FeaturedThis Day In Hockey History

This Day in Hockey History – February 17

Today in hockey history, a “new” team wins its first game, a coaching phenomenon is born, a trainer gets a shot at his dreams, and some actor from a Mighty Ducks movie wins a contest or something and gets to play in the NHL.


February 17, 1960 – Lindy Ruff was born in Warburg, Alberta. Known for his toughness and character, Lindy played in the NHL from 1979 to 1991: 10 seasons with Buffalo and three with the New York Rangers, picking up 300 points and 1,264 PIMS in his 691-game career. In 1997, Ruff became head coach of the Buffalo Sabres. And, if you’re paying attention, he’s still the head coach of the Sabres today (although that may not be for much longer), making him the longest tenured coach in the league today. He won the Jack Adams Award (best coach) in 2006 and has a career coaching record of 556-442-78-83 (W-L-T-OTL).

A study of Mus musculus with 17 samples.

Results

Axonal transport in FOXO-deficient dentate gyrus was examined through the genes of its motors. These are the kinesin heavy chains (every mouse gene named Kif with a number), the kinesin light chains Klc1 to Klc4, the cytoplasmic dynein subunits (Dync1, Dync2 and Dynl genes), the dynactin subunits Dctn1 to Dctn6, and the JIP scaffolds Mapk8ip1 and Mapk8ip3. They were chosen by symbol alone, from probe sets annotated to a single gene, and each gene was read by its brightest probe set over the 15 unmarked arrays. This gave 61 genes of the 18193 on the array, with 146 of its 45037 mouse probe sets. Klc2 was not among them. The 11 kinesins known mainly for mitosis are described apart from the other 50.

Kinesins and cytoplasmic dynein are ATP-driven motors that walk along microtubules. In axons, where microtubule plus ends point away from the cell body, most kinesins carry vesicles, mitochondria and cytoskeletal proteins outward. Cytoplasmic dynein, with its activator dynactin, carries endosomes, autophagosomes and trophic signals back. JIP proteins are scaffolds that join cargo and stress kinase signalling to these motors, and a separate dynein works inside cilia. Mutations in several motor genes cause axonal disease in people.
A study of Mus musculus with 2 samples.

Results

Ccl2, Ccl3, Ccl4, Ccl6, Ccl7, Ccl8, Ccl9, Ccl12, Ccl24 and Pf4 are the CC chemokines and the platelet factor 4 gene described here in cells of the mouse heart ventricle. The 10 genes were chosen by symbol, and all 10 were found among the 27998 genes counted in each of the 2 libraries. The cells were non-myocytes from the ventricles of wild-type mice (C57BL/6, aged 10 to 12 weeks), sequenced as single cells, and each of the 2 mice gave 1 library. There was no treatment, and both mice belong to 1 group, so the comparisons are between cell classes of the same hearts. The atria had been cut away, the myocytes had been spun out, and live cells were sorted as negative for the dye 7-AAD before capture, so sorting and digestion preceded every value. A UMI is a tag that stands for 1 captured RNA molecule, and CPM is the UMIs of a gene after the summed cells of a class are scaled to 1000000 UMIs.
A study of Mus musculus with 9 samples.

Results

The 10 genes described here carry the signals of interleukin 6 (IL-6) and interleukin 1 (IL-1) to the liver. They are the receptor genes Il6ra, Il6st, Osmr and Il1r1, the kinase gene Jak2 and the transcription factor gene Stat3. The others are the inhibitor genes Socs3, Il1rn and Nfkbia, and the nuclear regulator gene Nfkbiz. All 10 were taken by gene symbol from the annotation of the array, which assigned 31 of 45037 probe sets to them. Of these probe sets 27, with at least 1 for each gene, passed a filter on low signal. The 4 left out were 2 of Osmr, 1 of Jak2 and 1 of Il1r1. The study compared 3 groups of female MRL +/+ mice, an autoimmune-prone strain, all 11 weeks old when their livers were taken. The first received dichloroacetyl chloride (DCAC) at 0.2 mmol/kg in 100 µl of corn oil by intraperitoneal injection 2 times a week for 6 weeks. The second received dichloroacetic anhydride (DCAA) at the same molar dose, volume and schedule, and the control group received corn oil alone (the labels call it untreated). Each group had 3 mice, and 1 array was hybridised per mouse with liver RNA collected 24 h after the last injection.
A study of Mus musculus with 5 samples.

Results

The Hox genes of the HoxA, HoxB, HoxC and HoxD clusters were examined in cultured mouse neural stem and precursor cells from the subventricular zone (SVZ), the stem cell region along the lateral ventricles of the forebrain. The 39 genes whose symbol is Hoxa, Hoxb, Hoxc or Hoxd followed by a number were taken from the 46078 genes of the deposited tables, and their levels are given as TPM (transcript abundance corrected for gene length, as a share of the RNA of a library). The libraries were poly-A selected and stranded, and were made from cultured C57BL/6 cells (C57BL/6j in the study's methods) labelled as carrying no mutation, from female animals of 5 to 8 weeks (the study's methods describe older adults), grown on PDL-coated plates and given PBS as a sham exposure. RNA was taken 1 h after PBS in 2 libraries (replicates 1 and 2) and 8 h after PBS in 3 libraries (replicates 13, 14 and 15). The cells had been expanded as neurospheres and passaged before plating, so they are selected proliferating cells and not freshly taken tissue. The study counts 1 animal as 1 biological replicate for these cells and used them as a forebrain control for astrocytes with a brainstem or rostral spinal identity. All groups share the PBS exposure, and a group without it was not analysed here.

February 17, 1960 – Rangers’ trainer Joe Schaefer, at age 35, became the first New York native to play in net for the Rangers, as he took over for the injured Gump Worsley in the second period of a 5-1 loss to the Black Hawks. He allowed all five goals (and finished the game with a GAA of 7.69 in a 39-minute span), but what do you except from the trainer? He’d also get a second crack at goalie in the next season, playing for 47 minutes, although he’d earn the loss in that game, too, allowing three goals.

February 17, 1996 – Paul Kariya became the Mighty Ducks’ all-time leader in career assists, a record which took just 60 assists to break. He wasn’t finished, as he’d score the winner in overtime, leading the Mighty Ducks to a 2-1 win over the Kings. He broke the record for most overtime goals in one season with three in ’95-96, but like most of the records Kariya set, they were broken by Teemu Selanne.

 

Source: Hockey Hall of Fame

Scott Finger
Scott is the former managing editor at Hooked on Hockey Magazine. He loves hockey, writing, and writing about hockey. He graduated from Roger Williams University in 2011 with a useless degree in Media Communications (concentrating in Journalism). Being a New York Rangers fan (and NY Giants and Mets fan) living in Boston is very uncomfortable for him, and it'll be awkward trying to celebrate a Rangers Cup win in the streets when they inevitably win sometime in the next 100 years. He also likes long walks on the beach.